Kindness Comes to Mind

Some nights don't turn out as well as others.

I'm not a psychologist who makes much of dream interpretation, but every now and then a night shows up where dreams bombard me and make me question and reevaluate just about everything.

Last night, for example. I'll not drag you through dreams, but just my morning reflections.

Kindness may be more urgent than we can ever know or imagine. I'm not just thinking of the kindness that we advertise in yard signs and bumper stickers. That sort of reminder is fine, but I'm also pondering the kindness that shows up each day with hands and feet and smiles and listening and money and helpfulness and caring and empathy in a messy, complicated world.

Others will misunderstand us, sometimes mistreat us, and occasionally malign us. Sadly, the reverse is also true, maybe equally true. We will misunderstand others with alarming regularity, and (God forbid) mistreat them when they most need love. Many times won't even know we're doing so. How do we slow this ridiculousness? Kindness comes to mind.

We will fail at some of the things we deem most important in life. Oh, how I wish this weren't true, but it is. How will we manage the shame and disappointment? Why is kindness toward self sometimes so much more difficult than we might imagine?

Others will fail, too. How will we respond? Or, at least, how will our better selves want to respond? Will we allow kindness to settle in around the edges of our anger until it ultimately saturates our souls with forgiveness?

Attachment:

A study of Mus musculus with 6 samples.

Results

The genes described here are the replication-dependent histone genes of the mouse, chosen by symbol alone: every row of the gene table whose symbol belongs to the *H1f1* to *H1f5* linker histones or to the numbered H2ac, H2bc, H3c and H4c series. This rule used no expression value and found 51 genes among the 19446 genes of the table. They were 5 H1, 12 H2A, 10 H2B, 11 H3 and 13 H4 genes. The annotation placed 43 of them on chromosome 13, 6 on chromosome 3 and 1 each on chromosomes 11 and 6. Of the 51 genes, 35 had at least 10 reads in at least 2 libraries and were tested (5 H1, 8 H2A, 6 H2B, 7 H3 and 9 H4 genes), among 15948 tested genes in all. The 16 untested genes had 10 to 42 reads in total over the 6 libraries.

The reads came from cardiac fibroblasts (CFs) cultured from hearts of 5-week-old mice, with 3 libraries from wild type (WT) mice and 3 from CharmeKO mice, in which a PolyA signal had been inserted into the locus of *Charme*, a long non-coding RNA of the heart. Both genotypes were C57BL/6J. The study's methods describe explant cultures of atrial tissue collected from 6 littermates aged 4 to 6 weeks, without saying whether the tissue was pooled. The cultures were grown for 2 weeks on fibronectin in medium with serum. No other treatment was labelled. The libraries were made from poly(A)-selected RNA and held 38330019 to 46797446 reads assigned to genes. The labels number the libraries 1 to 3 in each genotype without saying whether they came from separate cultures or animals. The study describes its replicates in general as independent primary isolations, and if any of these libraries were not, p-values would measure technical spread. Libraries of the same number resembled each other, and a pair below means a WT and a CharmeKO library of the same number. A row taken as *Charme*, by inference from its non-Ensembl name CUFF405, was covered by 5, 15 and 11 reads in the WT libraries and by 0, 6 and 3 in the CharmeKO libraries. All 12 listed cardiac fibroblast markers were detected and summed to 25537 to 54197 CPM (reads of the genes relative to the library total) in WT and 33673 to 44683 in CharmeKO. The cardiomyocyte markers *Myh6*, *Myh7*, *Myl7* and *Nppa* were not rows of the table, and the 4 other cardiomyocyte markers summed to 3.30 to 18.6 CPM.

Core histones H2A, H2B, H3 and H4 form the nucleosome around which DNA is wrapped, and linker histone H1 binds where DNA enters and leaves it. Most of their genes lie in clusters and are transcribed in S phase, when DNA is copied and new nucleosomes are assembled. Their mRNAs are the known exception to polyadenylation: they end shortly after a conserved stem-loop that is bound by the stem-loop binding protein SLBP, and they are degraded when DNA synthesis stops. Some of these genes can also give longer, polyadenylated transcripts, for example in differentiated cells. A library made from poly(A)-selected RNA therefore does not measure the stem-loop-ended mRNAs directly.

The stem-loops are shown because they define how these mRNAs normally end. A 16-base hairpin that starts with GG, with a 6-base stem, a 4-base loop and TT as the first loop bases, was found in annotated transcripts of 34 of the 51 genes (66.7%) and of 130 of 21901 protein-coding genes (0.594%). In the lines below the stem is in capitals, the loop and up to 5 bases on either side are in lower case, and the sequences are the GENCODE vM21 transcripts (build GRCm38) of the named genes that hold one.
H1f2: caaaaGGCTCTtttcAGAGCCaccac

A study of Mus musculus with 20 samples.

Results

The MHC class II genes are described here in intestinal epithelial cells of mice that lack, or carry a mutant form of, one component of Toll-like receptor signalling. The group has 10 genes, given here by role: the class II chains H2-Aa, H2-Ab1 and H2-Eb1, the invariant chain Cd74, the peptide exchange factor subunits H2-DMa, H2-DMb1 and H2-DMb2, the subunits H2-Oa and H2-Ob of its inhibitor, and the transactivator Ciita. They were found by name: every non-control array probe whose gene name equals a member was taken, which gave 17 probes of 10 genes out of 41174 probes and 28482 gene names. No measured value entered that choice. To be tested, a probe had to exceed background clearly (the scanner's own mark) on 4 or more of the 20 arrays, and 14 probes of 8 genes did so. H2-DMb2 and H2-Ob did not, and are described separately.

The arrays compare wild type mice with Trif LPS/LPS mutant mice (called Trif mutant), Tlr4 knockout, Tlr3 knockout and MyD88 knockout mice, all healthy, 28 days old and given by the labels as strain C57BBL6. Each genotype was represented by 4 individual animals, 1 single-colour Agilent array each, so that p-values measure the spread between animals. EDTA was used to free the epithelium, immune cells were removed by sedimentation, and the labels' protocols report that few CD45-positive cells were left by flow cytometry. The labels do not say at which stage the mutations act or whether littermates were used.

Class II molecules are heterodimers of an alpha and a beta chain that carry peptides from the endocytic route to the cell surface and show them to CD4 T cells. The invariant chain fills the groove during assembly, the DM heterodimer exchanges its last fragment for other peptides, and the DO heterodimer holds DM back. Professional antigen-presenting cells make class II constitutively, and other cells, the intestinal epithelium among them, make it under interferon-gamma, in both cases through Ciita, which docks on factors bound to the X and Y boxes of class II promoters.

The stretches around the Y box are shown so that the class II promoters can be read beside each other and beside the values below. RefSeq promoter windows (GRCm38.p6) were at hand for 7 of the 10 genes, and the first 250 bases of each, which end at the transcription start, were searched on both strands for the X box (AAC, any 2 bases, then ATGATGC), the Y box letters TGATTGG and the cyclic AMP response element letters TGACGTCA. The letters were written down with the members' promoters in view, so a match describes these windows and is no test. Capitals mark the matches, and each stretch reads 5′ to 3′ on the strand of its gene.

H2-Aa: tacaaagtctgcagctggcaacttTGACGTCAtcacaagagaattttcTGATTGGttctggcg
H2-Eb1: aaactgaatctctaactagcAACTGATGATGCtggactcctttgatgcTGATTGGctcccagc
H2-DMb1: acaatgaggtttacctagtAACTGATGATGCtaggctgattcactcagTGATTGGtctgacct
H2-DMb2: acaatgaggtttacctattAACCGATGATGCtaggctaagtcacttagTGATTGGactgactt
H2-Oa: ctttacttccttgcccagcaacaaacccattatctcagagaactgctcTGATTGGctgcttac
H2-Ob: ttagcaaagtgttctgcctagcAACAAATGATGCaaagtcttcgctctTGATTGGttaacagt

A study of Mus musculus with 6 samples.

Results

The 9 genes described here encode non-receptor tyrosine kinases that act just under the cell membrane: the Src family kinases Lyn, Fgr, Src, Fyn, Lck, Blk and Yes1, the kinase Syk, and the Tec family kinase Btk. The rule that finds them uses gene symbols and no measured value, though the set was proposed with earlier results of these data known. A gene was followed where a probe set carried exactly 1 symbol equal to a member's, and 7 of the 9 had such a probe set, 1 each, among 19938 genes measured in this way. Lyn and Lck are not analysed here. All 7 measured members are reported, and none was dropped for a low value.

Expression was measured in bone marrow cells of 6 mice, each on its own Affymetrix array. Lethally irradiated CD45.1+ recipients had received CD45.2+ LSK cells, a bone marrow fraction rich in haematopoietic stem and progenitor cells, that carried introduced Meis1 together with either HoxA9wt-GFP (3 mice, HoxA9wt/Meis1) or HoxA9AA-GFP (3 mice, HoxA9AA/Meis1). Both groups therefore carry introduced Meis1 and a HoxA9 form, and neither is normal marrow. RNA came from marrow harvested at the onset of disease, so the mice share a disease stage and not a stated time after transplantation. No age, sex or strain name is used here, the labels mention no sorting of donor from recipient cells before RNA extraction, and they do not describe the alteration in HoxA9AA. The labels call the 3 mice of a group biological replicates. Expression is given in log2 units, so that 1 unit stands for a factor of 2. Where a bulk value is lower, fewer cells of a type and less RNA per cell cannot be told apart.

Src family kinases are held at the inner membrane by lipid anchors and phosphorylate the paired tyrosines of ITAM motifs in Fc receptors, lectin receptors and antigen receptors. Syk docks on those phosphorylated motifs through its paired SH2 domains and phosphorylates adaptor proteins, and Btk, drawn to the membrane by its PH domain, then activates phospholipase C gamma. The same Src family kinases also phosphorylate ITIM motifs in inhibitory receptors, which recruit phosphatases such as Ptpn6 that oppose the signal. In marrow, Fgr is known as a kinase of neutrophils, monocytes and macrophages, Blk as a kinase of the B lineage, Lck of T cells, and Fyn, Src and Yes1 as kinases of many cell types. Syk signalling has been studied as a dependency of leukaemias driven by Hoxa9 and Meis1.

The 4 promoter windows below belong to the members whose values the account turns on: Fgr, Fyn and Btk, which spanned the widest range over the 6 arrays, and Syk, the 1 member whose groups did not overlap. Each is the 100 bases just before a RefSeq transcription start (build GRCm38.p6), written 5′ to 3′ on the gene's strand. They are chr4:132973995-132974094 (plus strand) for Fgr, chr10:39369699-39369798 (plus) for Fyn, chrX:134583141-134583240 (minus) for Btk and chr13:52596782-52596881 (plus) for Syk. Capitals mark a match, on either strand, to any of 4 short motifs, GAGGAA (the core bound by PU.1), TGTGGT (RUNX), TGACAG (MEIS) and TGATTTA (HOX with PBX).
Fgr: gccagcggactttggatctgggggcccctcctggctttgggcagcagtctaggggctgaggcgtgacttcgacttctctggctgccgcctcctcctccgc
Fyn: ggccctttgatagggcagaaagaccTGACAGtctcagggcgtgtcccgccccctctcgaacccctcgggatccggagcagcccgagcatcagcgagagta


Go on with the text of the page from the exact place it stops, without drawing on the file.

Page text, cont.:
Our young aspirations will wilt over time as we realize we're not as gifted and special as we once thought ourselves to be. Who will we become when our grasping and aspirations are revealed as the illusions they have always been? Kindness is always reachable.

Life will end before we wish it did, before we are able to make our mark or demonstrate our worthiness or whatever it is we feel must do to make life worth dying for. Our legacies will be smaller than our fantasies. What makes it important that we have lived at all? Some will say justice, but I wonder if that's just more grandiosity. Maybe kindness is our only reasonable step toward justice. Some will say faith, and I won't disagree, but faith without kindness devolves into smug judgmentalism. A hellish place, that.

Some days and nights won't go as we plan. Dreams will turn on us, stirring angst residing just beneath the surface we call consciousness. Who will we become in these shifting moments of liminality? Kindness comes to mind.